18 years ago, Betty Cornelius became the custodian of her granddaughter to protect her from her substance-abusing parents. Betty quickly came to the realization that many grandparents find themselves in similar complex situations every day and are in need of guidance. These seniors often face physical or verbal threats from their own children, along with the challenges of raising a grandchild. This is how CanGrands National Kinship Support was born. CanGrands is a national grass-roots organization dedicated to the advocacy and support of grandparents and relatives raising grandchildren.  What started with an ad in the Oshawa newspaper and a rented community hall has evolved into a national association with 25 chapters across the country (3 new chapters are in the startup process) and a yearly intergenerational kinship camp.

Wednesday September 23, 2015
1pm to 2pm (EST)

Join us for our Annual General Meeting 

DOCUMENTS FOR THE ANNUAL GENERAL MEETING: 
2015  AGM Annual report  
Audited financial statement
Candidates' biographies
Report on the Knowledge-Sharing Project

To register for the AGM, please contact 
Kelly Heisz
709) 737-5904 ext. 209


UPDATE:
Log-in information and call numbers for the AGM today.
Please join the meeting from your computer, tablet or smartphone.
https://global.gotomeeting.com/join/400871077

You can also dial in using your phone.

Canada (Toll-free): 1 888 455 1389 FREE

Canada +1 (647) 497-9353

Access Code: 400-871-077 



The CNPEA is looking to fill 3 positions on its pan Canadian Board. We are looking for candidates who are committed to supporting the prevention of elder abuse in Canada and eager to provide leadership to this growing network of elder abuse professionals.

User Rating: 5 / 5


Many factors influence our health and well-being. Most often, we think of individual factors such as family history or our personal decisions about smoking, diet, exercising and alcohol consumption. Increasingly, however, there is a growing focus on the societal factors that shape our health. According to the Canadian Council on Social Determinants of Health, these societal conditions “include the work we do, our level of education, our income, where we live, the quality of our experiences when we are children and the physical environment that surrounds us.”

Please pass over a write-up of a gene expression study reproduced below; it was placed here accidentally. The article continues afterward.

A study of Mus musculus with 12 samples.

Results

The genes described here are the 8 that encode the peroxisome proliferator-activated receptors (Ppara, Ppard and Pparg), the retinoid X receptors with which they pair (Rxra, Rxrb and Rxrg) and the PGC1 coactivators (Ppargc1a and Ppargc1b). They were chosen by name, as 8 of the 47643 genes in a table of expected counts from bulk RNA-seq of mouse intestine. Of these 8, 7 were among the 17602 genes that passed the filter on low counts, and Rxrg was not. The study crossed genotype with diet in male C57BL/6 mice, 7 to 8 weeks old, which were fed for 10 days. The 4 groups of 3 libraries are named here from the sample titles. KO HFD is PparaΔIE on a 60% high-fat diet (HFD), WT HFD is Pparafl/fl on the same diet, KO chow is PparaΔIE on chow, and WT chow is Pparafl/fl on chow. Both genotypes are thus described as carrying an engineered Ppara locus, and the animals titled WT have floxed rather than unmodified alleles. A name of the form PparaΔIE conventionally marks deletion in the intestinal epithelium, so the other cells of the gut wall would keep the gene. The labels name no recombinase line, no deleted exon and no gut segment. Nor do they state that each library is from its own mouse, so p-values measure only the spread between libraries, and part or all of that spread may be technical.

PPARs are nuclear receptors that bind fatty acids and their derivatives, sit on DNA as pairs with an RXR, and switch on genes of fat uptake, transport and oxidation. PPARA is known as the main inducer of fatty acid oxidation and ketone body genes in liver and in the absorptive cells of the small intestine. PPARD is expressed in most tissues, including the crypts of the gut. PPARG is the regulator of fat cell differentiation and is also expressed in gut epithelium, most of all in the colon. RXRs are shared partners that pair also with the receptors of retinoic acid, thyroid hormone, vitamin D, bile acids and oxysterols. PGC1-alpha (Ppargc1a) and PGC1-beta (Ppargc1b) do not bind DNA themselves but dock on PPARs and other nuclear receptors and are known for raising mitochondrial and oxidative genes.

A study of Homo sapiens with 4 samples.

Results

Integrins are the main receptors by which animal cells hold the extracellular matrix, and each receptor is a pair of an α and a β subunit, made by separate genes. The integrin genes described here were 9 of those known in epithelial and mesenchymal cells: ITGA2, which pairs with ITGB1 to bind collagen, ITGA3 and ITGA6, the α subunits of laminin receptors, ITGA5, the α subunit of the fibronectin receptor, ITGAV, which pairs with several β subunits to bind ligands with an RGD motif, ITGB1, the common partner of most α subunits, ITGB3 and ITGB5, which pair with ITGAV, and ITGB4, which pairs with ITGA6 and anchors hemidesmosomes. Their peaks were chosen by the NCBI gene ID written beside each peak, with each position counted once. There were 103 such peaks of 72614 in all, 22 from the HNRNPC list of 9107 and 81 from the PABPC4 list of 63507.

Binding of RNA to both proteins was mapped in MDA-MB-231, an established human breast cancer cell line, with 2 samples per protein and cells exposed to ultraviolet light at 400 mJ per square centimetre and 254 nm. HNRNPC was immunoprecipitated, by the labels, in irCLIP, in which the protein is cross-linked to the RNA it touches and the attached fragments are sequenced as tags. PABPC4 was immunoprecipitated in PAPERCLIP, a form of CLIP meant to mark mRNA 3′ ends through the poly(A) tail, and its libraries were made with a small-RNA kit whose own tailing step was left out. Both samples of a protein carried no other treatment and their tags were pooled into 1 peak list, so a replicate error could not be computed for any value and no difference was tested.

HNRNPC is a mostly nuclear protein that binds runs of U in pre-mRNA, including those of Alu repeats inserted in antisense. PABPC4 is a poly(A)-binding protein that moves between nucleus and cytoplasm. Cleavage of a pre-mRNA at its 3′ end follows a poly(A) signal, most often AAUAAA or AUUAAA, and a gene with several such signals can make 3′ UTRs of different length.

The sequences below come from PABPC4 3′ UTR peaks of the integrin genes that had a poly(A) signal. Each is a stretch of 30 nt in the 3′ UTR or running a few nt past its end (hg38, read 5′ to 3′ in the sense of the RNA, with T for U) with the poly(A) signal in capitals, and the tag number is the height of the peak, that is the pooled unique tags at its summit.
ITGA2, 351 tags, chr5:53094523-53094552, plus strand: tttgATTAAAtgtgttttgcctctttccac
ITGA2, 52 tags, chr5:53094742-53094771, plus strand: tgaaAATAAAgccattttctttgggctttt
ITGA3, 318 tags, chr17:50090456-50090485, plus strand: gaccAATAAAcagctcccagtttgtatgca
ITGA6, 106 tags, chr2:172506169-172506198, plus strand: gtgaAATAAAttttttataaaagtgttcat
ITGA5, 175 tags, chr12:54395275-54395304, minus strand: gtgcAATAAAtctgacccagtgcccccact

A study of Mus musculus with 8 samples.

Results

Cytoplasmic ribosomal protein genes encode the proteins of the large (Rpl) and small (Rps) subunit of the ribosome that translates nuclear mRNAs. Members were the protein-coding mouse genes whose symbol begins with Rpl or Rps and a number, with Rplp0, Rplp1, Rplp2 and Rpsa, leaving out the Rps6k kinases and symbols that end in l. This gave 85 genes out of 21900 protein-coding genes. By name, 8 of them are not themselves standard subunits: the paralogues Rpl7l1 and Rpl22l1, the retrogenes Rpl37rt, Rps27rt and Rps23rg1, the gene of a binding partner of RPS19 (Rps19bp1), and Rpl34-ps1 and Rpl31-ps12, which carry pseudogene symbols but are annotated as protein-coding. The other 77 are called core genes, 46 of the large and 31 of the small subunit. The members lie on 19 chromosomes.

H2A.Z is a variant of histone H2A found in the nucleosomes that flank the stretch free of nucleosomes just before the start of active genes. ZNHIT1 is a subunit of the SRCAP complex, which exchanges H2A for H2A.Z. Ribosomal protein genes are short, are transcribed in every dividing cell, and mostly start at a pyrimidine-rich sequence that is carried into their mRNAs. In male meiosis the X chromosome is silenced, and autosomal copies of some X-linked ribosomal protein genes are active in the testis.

User Rating: 5 / 5

(The Meridian Aging Project)

             Heather Campbell’s recent blog post (August 2015) discusses the development of a National Seniors’ Strategy for Canada, and strongly suggests that the foundation of a viable strategy must include a view of older adults as rights-bearing citizens deserving of dignity.  I strongly support her position and in this post I want to share a number of important and intriguing results that appeared in a recent study (July 2015) completed by Michael North and Susan Fiske that I believe provide strong empirical evidence in support of Ms. Campbell’s recommendations. 

User Rating: 4 / 5



Older lesbian, gay, bisexual, and transgender (LGBT) adults are often an invisible population, as stigma and isolation keep them ‘stuck in the closet'. They may be at increased risk for elder abuse, neglect, and exploitation, since research shows that they are more likely to live alone, less likely to be partnered, and less likely to have children, or if they do, to find them supportive. If LGBT individuals do experience abuse, shame and a desire to be seen as ‘normal’ may make them reluctant to report it. Our project addresses these concerns in an innovative way: an intergenerational arts project and collaboration between LGBT elders and youth to raise societal awareness of LGBT elder abuse, and provide information about services.